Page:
Ulrich Spiesshofer, CEO of ABB, addresses a recent news conference in Zurich, Switzerland. (Reuters)
ZURICH: Swiss engineering group ABB reported a rise in smaller orders and signs of recovery in some sectors hit by recent cutbacks by oil and gas companies, saying these were a better guide to the future than a drop in volatile big-ticket orders.
The transmission and industrial automation company said its overall order intake fell 3 percent in the three months ended March 31, when adjusted for currencies and divestments, halting an uptick at the end of 2016.
But ABB Chief Executive Ulrich Spiesshofer said he was encouraged by the 2 percent growth in base orders — projects under $15 million — which he said were the most reliable indicator of growth in the business.
Sales adjusted for currency fluctuations and divestments also rose by 3 percent, ABB’s best performance since the second quarter of 2015.
“Base orders in three of our four divisions are up,” Spiesshofer said.
“Large orders are lumpy. They fluctuate from quarter to quarter, and this quarter had lower larger orders. This is something I wouldn’t take as the overall sentiment.”
Before the fourth quarter of 2016, ABB’s order book had fallen for six straight quarters, putting pressure on the company to turn around its fortunes and catch up with rivals such as Germany’s Siemens.
Analysts said the order downturn was expected, and ABB’s stock rose 2 percent in early trading following earnings that beat forecasts.
A $200 million gain from one-offs including selling its high voltage cable business to Denmark’s NKT Cables last year, helped ABB lift net profit by 45 percent to $724 million, ahead of forecasts of $489 million in a Reuters poll.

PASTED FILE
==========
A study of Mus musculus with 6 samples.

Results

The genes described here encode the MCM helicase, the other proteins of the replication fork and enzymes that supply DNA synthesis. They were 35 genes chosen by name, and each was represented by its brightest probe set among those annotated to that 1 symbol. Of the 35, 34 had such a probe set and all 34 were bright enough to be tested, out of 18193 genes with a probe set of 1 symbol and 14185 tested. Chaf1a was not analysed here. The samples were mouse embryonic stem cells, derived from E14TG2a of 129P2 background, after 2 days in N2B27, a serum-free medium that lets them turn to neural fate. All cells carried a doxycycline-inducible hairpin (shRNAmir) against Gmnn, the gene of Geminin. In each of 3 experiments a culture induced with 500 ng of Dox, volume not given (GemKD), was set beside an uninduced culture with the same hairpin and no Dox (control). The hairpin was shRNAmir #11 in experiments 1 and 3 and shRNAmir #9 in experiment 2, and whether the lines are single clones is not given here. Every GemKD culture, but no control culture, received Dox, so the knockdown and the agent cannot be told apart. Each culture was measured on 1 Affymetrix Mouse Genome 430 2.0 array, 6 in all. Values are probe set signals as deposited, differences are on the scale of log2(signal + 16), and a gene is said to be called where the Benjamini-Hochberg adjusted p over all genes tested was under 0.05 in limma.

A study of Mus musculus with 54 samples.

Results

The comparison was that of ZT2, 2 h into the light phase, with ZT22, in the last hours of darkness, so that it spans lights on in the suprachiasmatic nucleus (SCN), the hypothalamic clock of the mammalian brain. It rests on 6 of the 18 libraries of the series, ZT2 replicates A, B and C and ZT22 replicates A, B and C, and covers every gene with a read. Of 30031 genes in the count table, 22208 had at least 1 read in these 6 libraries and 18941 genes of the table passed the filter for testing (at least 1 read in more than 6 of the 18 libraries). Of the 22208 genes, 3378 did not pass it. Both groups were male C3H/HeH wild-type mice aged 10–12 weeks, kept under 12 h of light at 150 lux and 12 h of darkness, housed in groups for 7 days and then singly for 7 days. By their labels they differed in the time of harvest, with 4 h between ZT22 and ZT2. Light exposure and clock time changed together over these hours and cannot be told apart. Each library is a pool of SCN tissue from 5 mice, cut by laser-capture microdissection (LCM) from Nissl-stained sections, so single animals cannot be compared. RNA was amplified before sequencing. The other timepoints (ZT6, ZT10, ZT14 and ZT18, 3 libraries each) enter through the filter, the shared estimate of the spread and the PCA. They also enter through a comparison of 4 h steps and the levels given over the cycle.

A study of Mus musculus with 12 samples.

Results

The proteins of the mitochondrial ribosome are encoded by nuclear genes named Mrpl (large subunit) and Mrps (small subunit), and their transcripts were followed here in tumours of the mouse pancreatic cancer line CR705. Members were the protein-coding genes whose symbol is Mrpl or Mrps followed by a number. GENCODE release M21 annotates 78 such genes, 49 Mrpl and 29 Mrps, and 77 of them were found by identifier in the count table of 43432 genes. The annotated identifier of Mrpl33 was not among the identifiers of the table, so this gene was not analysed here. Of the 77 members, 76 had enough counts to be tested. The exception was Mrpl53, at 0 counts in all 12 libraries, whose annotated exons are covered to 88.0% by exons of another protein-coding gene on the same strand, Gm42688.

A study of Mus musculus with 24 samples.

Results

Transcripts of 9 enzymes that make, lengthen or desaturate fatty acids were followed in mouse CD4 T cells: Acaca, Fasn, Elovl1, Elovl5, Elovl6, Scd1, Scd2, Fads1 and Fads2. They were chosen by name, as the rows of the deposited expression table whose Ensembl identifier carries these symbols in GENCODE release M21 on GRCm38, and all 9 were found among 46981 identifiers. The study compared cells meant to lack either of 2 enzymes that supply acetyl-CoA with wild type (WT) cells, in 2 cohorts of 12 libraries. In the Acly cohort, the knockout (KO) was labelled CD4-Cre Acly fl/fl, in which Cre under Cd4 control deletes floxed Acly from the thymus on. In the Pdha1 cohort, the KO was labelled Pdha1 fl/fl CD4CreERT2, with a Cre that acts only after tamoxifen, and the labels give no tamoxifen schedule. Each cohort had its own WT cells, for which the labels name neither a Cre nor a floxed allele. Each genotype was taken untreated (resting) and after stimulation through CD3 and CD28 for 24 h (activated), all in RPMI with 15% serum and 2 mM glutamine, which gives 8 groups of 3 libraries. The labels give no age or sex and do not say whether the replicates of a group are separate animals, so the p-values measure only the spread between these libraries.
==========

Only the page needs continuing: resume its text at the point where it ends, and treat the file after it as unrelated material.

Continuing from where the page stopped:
Revenue fell 1 percent to $7.85 billion, though it rose 3 percent after stripping out the effect of divestments and currency fluctuations. The performance was highlighted by Barclays analyst James Stettler as ABB’s highest sales performance in two years.
In recent quarters, ABB has been wrestling with reduced orders from process industries such as oil and gas where customers have reacted to lower raw materials prices by postponing or canceling investments in new equipment.
Oil prices will likely continue to influence ABB’s results during 2017, the company said, while political uncertainties linked to developments such as Britain’s exit from the European Union would also weigh.
But Spiesshofer said he was seeing the “first signals of market stabilization in some process industries, as well as some growth signals in early-cycle businesses.”
The company said some macroeconomic signs in the US remained positive, while growth in China was expected to continue. The two countries are ABB’s two largest markets.